For the first time in over a decade we have permanent federal estate and gift tax rules.
For those of us who didn't make it to the Heckerling conference in Orlando this year (including me, I usually go every other year), you'll want a quick and easy way to explain what the heck happened to the estate and gift tax after the fiscal cliff deal. There's no shortage of folks willing to give you their two cents on the subject, but separating the wheat from the chaff can be challenging.
So I was happy to run across an article by Forbes staff writer Deborah L. Jacobs entitled After The Fiscal Cliff Deal: Estate And Gift Tax Explained. Ms. Jacobs does a good job of explaining the new law in the type of plain English, question-and-answer format, clients like to hear; but she's also thorough enough to keep an audience of lawyers and CPA's interested. Good stuff, highly recommend it. Here's an excerpt.
Who has to pay federal estate tax? Once you’re worth more than a certain amount, taxes shrink your estate. Under the 2010 tax law, we can each transfer up to $5 million tax-free during life or at death. That figure is called the basic exclusion amount, and it is adjusted for inflation. In 2012 it was raised to $5.12 million per person. The new tax law does not change how much you can pass tax-free. On Jan. 11 the IRS announced that, with the inflation adjustment, the estate tax exclusion amount for deaths in 2013 would be $5.25 million.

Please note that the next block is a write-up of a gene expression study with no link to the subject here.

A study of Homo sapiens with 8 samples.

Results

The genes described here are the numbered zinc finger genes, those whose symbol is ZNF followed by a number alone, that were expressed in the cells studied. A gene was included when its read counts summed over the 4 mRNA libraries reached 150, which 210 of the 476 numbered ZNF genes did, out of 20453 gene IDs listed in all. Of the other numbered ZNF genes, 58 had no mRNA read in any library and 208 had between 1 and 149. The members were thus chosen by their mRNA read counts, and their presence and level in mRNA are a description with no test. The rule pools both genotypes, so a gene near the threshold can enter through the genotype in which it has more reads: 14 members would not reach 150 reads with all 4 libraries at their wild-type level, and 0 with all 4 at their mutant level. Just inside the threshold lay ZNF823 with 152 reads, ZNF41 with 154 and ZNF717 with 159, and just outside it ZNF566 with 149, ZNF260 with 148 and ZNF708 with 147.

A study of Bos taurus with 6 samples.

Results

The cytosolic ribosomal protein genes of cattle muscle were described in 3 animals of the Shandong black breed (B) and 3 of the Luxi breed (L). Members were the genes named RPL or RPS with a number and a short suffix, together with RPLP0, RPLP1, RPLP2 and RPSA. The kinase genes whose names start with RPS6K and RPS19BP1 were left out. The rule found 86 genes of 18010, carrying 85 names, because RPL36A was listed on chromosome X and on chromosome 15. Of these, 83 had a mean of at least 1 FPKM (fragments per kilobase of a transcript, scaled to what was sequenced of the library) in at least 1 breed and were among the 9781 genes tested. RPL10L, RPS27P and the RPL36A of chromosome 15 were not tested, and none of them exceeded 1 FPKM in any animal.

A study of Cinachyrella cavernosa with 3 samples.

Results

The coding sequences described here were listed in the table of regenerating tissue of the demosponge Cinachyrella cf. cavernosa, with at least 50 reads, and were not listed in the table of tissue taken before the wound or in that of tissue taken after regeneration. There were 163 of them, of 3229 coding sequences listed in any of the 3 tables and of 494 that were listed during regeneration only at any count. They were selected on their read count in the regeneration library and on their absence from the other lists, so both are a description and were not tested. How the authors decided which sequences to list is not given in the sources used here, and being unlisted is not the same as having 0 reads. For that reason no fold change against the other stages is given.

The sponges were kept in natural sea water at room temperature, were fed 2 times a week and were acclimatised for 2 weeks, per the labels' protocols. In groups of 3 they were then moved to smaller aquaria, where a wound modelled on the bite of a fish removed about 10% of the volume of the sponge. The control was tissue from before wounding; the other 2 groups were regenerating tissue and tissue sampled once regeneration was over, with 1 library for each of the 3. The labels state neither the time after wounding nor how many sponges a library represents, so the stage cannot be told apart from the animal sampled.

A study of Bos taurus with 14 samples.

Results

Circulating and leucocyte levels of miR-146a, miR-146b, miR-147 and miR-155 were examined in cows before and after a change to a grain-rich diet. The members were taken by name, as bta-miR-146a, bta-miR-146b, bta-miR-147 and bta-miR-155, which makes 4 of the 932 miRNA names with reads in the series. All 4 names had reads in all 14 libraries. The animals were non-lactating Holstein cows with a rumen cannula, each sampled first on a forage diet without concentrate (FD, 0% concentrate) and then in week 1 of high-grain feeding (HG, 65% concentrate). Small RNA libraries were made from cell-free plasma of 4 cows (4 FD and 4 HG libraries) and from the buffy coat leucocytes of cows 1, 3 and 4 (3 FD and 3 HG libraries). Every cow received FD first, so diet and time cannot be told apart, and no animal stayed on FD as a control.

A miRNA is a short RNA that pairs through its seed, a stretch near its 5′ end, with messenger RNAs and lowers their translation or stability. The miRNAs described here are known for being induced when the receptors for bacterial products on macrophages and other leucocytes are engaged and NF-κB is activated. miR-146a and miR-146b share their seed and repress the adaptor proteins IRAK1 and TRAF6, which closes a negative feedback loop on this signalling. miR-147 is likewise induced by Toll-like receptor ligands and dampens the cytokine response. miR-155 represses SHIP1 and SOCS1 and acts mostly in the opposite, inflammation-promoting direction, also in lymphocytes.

Do spouses have to pay the tax when they inherit from each other? The new law doesn’t change this either. There is an unlimited deduction from estate and gift tax that postpones the tax on assets inherited from each other until the second spouse dies. This marital deduction, as it is called, applies only if the inheriting spouse is a U.S. citizen.
How much can the second spouse pass tax-free? Here’s where things get a bit complicated — but in a good way. The 2010 tax law gave married couples a wonderful tax break, which the new law has made permanent. Widows and widowers can add any unused exclusion of the spouse who died most recently to their own. This enables them together to transfer up to $10.5 million tax-free. Tax geeks call this portability.
Compared with the $1 million exemption and 55% rate under pre-EGTRRA law, the new rules lose an average of about $37 billion over the next 10 years, a two-thirds reduction in estate tax revenues. Regardless of the exemption levels considered, few estates are affected by the tax. The estate tax is a highly progressive tax, with about three-fourths collected from estates in which decedents are in the top 1% of the income distribution. At a $5 million exemption, less than 0.2% of estates will be subject to the tax. Although concerns have been raised about the effects of the tax on small businesses and farmers, estimates indicate that only a small share of these decedents would be affected.
The estate tax will affect less than 0.2% of decedents over the next decade.
The estate tax is concentrated among high income taxpayers: 96% is paid by the top quintile, 93% by the top 5%, 72% by the top 1%, and 42% by the top 0.1%.
About 0.2% of estates with half or more of their assets in businesses will be subject to the estate tax.
About 65 farm estates (or approximately one per state) are projected to be subject to the estate tax, and constitute 1.8% of taxable estates. Less than a fourth (0.4%) is projected to have inadequate liquidity to pay estate taxes. Less than 1% (0.8%) of farm operator estates is projected to pay the tax.
About 94 estates (about two per state) with half their assets in small business and who expect their heirs to continue in the business are projected to be subject to the estate tax; they constitute 2.5% of total estates. Less than a half (1.1%) is projected to have inadequate liquidity to pay estate taxes.